Oakland County small businesses impacted by the coronavirus pandemic will receive $2.3 million in grants from the county’s small business stabilization fund, County Executive David Coulter said today.
More than 700 small businesses received grants, which would provide an immediate infusion of capital to support payroll expenses, rent, mortgage payments, utility expenses or other similar expenses that occur in the ordinary course of business. Coulter said the overwhelming response has prompted him to ask the Board of Commissioners for additional funding to support Oakland County businesses.
Information regarding the grant program and first round awardees may be found here.
“We know our small businesses are suffering,” Coulter said. “The Board of Commissioners and I took swift action to help these businesses. But there is an urgent need to help more businesses and that’s why I’m asking the board to approve additional funding to help these businesses. We always believed this was the first phase of assistance. We need to help them keep their doors open.”
Board Chairman David Woodward said the board would consider the request for additional funding promptly. The board is scheduled to meet on April 29.
“The board also understands this is an unprecedented time for our small businesses and realize they don’t have the luxury of time – their need is immediate,” Woodward said. “We’re committed to doing everything we can to help.”
The stabilization fund was comprised of a $1.15 million grant from the Michigan Economic Development Corp. and a matching grant from the Oakland County Board of Commissioners. The board also appropriated an additional $700,000 for the “Saving Business, Saving Lives’ grants for companies able to pivot from normal productions to manufacture personal protective equipment for health care workers and first responders.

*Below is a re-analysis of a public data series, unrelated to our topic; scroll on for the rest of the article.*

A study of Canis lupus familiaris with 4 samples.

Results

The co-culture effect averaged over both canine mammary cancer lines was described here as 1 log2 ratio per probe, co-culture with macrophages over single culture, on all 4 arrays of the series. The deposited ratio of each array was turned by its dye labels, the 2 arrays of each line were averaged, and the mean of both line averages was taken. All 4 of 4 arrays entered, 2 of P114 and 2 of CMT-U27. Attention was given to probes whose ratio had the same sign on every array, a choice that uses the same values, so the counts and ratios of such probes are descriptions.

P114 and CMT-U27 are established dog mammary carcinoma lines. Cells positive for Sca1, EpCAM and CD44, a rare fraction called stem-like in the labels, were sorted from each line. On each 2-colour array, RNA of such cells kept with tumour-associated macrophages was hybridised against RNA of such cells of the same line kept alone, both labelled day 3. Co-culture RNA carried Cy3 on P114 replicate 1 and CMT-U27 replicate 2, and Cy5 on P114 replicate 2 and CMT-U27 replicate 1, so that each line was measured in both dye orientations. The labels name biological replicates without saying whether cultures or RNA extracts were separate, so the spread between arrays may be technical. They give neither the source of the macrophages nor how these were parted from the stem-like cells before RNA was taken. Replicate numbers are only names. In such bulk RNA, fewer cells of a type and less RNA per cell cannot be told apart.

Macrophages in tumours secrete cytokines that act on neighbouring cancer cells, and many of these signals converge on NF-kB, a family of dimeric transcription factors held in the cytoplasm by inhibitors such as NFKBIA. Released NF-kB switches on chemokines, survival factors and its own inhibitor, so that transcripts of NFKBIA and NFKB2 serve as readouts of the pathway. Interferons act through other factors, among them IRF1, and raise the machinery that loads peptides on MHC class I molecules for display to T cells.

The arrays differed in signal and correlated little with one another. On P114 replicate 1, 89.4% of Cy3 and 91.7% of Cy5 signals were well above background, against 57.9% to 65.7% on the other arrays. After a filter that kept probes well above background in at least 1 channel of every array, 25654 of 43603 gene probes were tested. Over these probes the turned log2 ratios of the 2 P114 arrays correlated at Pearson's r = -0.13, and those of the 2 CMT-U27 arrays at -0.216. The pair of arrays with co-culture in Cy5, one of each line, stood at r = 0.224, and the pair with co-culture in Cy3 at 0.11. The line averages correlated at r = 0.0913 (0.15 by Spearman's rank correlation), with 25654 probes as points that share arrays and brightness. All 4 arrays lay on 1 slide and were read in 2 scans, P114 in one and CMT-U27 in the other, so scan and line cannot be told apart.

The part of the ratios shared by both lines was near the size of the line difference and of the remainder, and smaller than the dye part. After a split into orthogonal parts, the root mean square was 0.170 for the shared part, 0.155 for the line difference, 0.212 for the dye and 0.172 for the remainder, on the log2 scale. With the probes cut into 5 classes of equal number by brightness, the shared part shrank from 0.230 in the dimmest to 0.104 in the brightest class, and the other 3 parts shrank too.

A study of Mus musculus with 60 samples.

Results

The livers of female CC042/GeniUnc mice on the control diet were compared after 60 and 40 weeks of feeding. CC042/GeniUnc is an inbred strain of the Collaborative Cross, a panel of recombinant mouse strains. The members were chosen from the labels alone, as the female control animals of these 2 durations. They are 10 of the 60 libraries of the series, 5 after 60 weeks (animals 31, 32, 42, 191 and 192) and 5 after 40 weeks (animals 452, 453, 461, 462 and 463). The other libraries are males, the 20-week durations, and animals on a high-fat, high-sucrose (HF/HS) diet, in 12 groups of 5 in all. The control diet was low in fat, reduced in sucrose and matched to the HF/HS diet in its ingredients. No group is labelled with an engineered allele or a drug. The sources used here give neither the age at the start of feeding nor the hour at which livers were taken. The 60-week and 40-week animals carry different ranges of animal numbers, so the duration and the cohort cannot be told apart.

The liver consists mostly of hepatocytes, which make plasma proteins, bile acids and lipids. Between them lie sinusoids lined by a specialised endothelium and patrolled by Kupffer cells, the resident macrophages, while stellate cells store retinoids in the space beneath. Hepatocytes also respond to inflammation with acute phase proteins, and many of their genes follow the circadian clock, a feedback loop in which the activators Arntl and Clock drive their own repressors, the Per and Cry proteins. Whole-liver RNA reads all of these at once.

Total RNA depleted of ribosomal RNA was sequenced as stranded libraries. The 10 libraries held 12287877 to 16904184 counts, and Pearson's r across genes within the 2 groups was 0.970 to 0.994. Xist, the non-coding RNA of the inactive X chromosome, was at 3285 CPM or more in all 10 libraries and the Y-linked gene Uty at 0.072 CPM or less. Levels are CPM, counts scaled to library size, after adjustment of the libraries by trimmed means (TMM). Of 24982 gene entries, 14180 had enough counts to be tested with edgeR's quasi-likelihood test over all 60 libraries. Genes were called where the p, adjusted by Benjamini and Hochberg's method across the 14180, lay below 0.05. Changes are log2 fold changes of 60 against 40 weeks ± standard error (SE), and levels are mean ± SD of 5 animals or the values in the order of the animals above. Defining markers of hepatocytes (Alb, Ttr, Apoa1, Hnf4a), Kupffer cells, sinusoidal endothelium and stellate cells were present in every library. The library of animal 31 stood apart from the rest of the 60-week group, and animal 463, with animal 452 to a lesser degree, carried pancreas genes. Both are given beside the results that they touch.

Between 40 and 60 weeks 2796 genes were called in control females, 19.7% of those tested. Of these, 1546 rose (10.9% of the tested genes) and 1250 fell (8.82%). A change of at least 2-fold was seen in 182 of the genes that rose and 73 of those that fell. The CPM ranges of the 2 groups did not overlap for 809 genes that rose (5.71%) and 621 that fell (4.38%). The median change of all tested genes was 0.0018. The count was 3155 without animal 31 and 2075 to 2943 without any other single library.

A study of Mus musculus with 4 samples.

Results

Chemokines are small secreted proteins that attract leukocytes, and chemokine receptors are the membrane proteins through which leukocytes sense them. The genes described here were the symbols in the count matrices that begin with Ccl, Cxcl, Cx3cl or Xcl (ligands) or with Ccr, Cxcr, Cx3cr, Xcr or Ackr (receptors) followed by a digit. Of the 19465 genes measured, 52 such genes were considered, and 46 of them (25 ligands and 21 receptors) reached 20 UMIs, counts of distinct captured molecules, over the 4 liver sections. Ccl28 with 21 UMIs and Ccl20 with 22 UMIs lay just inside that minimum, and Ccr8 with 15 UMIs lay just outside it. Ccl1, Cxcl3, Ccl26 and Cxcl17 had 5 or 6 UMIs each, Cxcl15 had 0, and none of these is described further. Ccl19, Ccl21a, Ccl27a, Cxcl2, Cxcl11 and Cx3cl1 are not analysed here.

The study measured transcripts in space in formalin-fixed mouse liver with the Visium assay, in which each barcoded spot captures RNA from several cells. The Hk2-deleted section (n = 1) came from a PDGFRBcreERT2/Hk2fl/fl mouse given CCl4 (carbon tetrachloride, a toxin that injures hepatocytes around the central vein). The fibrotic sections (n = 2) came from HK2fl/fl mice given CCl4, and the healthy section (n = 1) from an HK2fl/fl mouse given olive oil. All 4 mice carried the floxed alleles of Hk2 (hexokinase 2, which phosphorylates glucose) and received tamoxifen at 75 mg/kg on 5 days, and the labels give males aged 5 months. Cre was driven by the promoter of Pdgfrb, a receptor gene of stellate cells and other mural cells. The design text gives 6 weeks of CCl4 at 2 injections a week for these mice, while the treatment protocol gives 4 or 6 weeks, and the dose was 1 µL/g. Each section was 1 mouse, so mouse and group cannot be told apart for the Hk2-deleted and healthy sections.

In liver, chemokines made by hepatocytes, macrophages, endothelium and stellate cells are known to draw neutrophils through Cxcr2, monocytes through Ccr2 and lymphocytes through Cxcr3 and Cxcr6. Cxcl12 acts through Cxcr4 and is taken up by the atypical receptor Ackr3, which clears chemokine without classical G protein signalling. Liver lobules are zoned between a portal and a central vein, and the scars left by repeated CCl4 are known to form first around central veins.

“This fund was created in the early stages of this crisis when we knew small businesses would need immediate financial help to stabilize,” Coulter said. “They are the life blood of our economy and we wanted to get these grants into their hands as quickly as possible.”
Grant consideration was highly competitive as 7,372 small businesses requested assistance. Applications were sorted by 12 geographic districts and evaluated by a team of local economic leaders from each district. Recommendations were based on their reviews and made in compliance with strict MEDC guidelines. The maximum award was $10,000 although the average grant ranged from about $2,500 to $5,359, depending on district.
“We think it’s important that funding decisions were made by community business leaders who know these businesses and see the pain this crisis has caused in their communities,” Woodward said.
Coulter said the county received good news late Thursday when it received additional funding from the federal CARES Act, which will allow the county to offer grants to small businesses. Businesses initially approved for grants were notified electronically today. The second-round grants could be awarded as early next week. Small businesses who applied for the first round do not need to file a second application.
To qualify for grant consideration, businesses met the following criteria:
- The company was in an industry outlined in Executive Order 2020-9 , or any subsequent Executive Order of similar intent, or demonstrates it was otherwise affected by the COVID-19 outbreak, as well as meeting additional criteria.
- The company had 50 employees or fewer.
- The company needed working capital to support payroll expenses, rent, mortgage payments, utility expenses, or other similar expenses that occur in the ordinary course of business.
- The company demonstrated an income loss as a result of the EO, or the COVID-19 outbreak.